Anthem, Electronic Arts' shared-world role-playing game (RPG) has arrived. The all-new franchise is already shaping up as a robust class-based experience, driven by tight gunplay and the hunt for coveted loot. And with free updates going forward, it aims to leverage optional monetization to support the title.
Here's a breakdown of Anthem's microtransactions and how they work.
Anthem's microtransactions are only cosmetic
After the Star Wars Battlefront II loot box fiasco, infamously compromising game balance via monetization, Electronic Arts has hit the brakes in 2019. Anthem's micropayments shift to exclusively cosmetic items, switching up the style of your Javelin exo-suits.
Anthem features two currencies at launch, "Coins" earned in-game as you progress, and premium "Shards" obtained with real-world money. All cosmetic items can be purchased with Coins or Shards, avoiding cosmetics gated behind a cash barrier, and without randomized loot boxes, what you buy is what you get.
Anthem's cosmetics span various categories, from armor variants, vinyl skins, and textures for your armor. Emotes also feature, bound to three directional pad buttons. And when customizing your loadouts and cosmetics through "The Forge" hub, a small pool of cosmetics can be directly purchased through the "Buy" tab. However, color customization is all free via a color picker.
Exploring Anthem's ever-changing 'Featured' store
A prominent component of the microtransaction approach EA is taking is the "Featured" menu, a dedicated marketplace with a rotating library of cosmetic items.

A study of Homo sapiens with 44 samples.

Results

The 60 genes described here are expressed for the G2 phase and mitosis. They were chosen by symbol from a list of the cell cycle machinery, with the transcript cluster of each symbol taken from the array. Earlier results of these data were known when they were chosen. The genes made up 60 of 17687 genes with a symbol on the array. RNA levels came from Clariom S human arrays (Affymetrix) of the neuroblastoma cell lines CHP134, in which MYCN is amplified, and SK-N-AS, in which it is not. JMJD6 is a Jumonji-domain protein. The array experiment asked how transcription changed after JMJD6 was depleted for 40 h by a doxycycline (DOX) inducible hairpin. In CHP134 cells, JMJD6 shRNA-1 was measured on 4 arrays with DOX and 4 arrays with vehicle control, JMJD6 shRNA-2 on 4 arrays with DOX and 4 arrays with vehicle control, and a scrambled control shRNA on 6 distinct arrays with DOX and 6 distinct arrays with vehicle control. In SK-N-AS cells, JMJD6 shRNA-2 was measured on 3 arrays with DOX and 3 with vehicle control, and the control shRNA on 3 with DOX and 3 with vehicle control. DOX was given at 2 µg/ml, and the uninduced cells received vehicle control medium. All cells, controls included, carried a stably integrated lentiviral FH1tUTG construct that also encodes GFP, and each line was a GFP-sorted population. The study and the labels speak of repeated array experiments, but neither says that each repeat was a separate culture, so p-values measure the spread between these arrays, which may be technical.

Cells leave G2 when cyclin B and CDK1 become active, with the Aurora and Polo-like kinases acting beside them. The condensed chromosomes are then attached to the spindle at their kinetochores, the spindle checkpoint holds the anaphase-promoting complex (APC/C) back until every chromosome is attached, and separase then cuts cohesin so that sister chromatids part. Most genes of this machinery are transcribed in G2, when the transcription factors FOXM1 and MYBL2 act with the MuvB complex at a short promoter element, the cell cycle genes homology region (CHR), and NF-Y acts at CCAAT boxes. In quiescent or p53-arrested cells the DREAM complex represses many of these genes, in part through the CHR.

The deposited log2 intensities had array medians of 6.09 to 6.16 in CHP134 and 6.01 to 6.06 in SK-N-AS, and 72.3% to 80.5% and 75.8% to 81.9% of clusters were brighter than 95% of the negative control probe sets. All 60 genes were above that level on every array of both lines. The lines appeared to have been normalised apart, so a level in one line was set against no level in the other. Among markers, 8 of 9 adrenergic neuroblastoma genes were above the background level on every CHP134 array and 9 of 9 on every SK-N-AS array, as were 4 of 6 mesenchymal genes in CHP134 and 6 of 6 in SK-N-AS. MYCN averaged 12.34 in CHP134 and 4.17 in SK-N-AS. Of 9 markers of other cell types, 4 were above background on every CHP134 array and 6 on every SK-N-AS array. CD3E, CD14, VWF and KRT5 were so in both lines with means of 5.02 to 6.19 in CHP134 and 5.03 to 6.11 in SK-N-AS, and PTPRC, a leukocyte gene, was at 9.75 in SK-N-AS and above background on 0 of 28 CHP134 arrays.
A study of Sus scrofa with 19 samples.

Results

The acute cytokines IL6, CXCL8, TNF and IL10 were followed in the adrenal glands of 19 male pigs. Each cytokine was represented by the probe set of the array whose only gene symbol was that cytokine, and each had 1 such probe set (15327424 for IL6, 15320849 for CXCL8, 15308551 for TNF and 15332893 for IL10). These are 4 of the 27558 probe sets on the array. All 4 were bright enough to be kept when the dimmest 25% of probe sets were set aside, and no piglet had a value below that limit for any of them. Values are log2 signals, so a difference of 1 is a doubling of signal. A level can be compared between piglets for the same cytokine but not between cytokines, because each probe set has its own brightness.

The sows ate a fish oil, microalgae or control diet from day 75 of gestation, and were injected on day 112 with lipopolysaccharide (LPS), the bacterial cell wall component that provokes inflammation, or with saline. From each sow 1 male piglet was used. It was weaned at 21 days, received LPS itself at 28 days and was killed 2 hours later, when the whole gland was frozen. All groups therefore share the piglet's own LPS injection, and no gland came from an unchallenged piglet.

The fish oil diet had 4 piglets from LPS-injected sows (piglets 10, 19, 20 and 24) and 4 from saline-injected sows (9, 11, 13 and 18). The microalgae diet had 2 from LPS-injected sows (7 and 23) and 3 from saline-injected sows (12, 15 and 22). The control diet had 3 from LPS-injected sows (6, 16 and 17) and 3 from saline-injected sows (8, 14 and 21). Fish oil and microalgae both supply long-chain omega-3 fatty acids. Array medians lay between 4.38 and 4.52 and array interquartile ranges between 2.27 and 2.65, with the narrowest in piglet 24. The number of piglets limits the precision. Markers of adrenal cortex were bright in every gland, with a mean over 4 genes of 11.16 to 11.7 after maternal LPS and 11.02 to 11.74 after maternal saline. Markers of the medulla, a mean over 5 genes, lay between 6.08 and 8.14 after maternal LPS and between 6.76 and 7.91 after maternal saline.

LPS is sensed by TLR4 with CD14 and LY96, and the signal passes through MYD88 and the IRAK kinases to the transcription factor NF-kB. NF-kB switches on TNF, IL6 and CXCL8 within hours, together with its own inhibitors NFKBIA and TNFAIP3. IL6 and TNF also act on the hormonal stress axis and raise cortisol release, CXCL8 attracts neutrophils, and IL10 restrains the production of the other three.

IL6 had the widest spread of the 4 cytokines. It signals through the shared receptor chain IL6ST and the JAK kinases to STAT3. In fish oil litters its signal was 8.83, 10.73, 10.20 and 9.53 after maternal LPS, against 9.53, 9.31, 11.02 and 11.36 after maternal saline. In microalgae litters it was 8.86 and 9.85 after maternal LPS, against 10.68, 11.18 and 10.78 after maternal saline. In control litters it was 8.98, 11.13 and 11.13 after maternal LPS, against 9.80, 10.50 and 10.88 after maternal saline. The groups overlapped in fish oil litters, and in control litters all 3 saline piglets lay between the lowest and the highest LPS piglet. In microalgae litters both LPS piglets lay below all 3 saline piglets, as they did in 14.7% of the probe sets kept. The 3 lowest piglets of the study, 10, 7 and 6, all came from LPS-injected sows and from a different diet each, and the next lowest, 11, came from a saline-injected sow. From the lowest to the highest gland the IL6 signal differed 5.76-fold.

Anthem doesn't feature a traditional expansive storefront packed with hundreds of items to browse. This Featured tab instead serves as its flagship store page, displaying just six cosmetic items available for Coins or Shards. Although subject to change, this dynamic inventory currently refreshes every six hours, as presented in the top left-hand corner of the screen.
Speaking to Windows Central, Ben Irving, Anthem lead producer, further expanded on what the Featured tab entails, over a traditional marketplace.
So the Featured page is meant to be like in a retail store sale, or whatever. It's there for a limited time, and then it will rotate. So like, "Hey, if you want this thing, there's a time limit, and then it's gone." And it may come back again – it may be tomorrow, it may be next week, it may be in six months. But we'll rotate the things we have available to keep it fresh for players.
This approach allows BioWare to serve new content regularly, every time you boot up Anthem. Players will always have new options to browse and recent additions can be easily presented upon release. However, it's also clear how this fosters a sense of urgency when you buy, pushing impulse purchases.
This Featured section can also feel a little invasive, displayed as the first tab upon opening the pause menu. It means you'll need to skip past to store to access the game's world map, social, and settings tabs. But, with a snappy user interface, its presence shouldn't be a deal-breaker.
The road to Anthem
What are your thoughts on Anthem's store and monetization? Do you think the featured tab is invasive or are you happy to splash some cash to keep the game alive? Let us know your opinion on the approach in the comments section.